There’s something both empowering and disturbing about the hordes of women and men coming forward to tell their stories of sexual abuse. Disturbing, because what other word could be used to describe cases of rape, sexual harassment and assault being buried and overlooked for years? And empowering, because these revelations are the direct product of women working together to create spaces for other women and survivors to feel safe opening up about their traumas — if they so choose — and help bring perpetrators to justice.
But anyway, back to disturbing. Last week, a bombshell report by the The Washington Post about Alabama Judge Roy Moore, the Republican Party’s Senate candidate in a special election slated to take place on Dec. 12, alleged that Moore had inappropriate relationships with minors and teenage girls while he was in his 30s. Some women have accused Moore of child molestation and asserting his power and credibility as a district attorney to silence them.
Locals and Moore’s former co-workers corroborate these allegations, recounting how many in Moore’s community thought it was odd that he “dated” high school students, frequented high school football games and was even banned from a local mall for harassing teenage girls. Imagine living in a country where a man banned from a mall for predatory behavior could be welcomed into the capital’s esteemed lawmaking chambers.
At any rate, as is typically the case when shocking allegations are made about high-profile male figures, a disproportionate amount of effort is being spent not on holding Moore accountable, but on doling out misogynistic lines of attack to cast doubt on his female accusers. This is the typical rhythm of stories of this nature — projecting sexist ideas of the perfect female victim, the perfect timeline of abuse, to discredit and punish women who don’t meet these arbitrary standards. And yet, here is where the circumstances in Moore’s story diverge from those of other famous male predators: His victims were children when he allegedly abused them. His victims were children, while Moore was and is a grown, adult male — and yet he is the one his supporters are determined to absolve of responsibility.
This particular reality may be difficult to absorb, and yet there’s a reason that it’s so familiar. That is, women never really get to be children — or, at least, not in the way that men do. Rather, we’ve always been forced to grow up more quickly than our male counterparts, an infuriating reality that’s all but confirmed by the inability of Moore’s defenders — who range from Fox News’ resident conspiracy theorist Sean Hannity, to the Bible story-telling Alabama state auditor, Jim Zeigler — to acknowledge that the women accusing Moore were children when he allegedly took advantage of them.
And beyond that, young women don’t get to enjoy the privilege of their mistakes or inappropriate behaviors being laughed off with a dismissive, “girls will be girls” — we’re taught the consequences of our actions, whereas young men aren’t. Survivors know what they might face in coming forward to talk about sexual assault and abuse — disbelief, character attacks, perhaps even being forced to relive their trauma. And so, when it comes to cases of sexual assault and violence, it’s no surprise that 67 percent of survivors don’t come forward or report to the police.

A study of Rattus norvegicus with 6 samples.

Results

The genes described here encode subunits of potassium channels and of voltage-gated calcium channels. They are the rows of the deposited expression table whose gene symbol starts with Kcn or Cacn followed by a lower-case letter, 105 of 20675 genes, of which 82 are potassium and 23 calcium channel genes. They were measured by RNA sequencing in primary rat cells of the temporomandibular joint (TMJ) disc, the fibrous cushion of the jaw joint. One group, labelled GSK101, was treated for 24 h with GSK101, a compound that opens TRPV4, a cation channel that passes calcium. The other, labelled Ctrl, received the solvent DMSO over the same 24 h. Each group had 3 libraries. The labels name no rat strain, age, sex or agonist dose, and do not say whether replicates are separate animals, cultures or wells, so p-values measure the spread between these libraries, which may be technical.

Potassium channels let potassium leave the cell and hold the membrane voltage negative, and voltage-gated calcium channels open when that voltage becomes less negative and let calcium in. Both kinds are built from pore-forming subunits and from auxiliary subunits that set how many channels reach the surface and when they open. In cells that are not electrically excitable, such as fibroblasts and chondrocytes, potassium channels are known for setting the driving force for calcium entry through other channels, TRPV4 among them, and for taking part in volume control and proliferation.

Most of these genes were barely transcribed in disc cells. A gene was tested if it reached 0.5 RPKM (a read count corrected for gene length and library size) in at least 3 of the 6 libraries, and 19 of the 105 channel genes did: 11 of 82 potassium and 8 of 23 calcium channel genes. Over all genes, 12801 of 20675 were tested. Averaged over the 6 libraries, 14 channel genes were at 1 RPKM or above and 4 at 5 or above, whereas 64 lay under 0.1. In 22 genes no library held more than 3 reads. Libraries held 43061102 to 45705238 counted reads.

Perhaps this is the foundation of abuse of power among influential men: The idea that what they say and do don’t have consequences, because the subjects of their abuse lack the power to challenge them. One of Moore’s accusers said that he nearly choked her while trying to force her to orally gratify him, and later said the words, “You are a child. I am the district attorney of Etowah County.”
The Post’s report would be a lot to take in had its subject been anyone other than Moore, but Moore’s identity as a fervently devout, holier-than-thou Christian — one who has equated abortion to murder, who has called for homosexual acts to be criminalized and for Muslims to be banned from the Senate — is what makes the report the once-in-a-generation spectacle that it is.
And yet, my point here is not that Moore’s hypocrisy is particularly surprising. Aggressively intolerant Republicans hiding skeletons in the closet aren’t rare — notably, this year, a report alleged that while promoting the March for Life, an anti-choice Congressman tried to coerce his mistress into having an abortion. Hypocrisy and intense contradiction between public and private morality are so commonplace among far-right politicians that in Moore’s case, it arguably isn’t even the story.
Yes, there are criticisms that must be made of a fringe-right that produces and enables the likes of Moore and his loyalists. For all the “pro-life” movement’s banter about protecting and nurturing children (all, of course, while defunding the Children’s Health Insurance Program last month), those at its helm are the ones who have seized on allegations against Moore to try and re-litigate the age of consent, to implicitly give child abusers the “OK” by advocating on Moore’s behalf.
Still, the issue at hand is bigger, even, than that. As women, we’re made to exist in a society in which we’re either infantilized or dealt full blame and responsibility at the convenience of men like Moore. Women are regarded as children when it comes to making basic decisions about our bodies and reproductive health, and we’re adults when it comes to absolving men of responsibility for their actions. Moore and his supporters are the products of a political climate in which women are allowed to be only one of two extremes.
Kylie Cheung is a sophomore majoring in journalism and political science. She is also the editorial director of the Daily Trojan. Her column,“You Do Uterus,” runs Thursdays.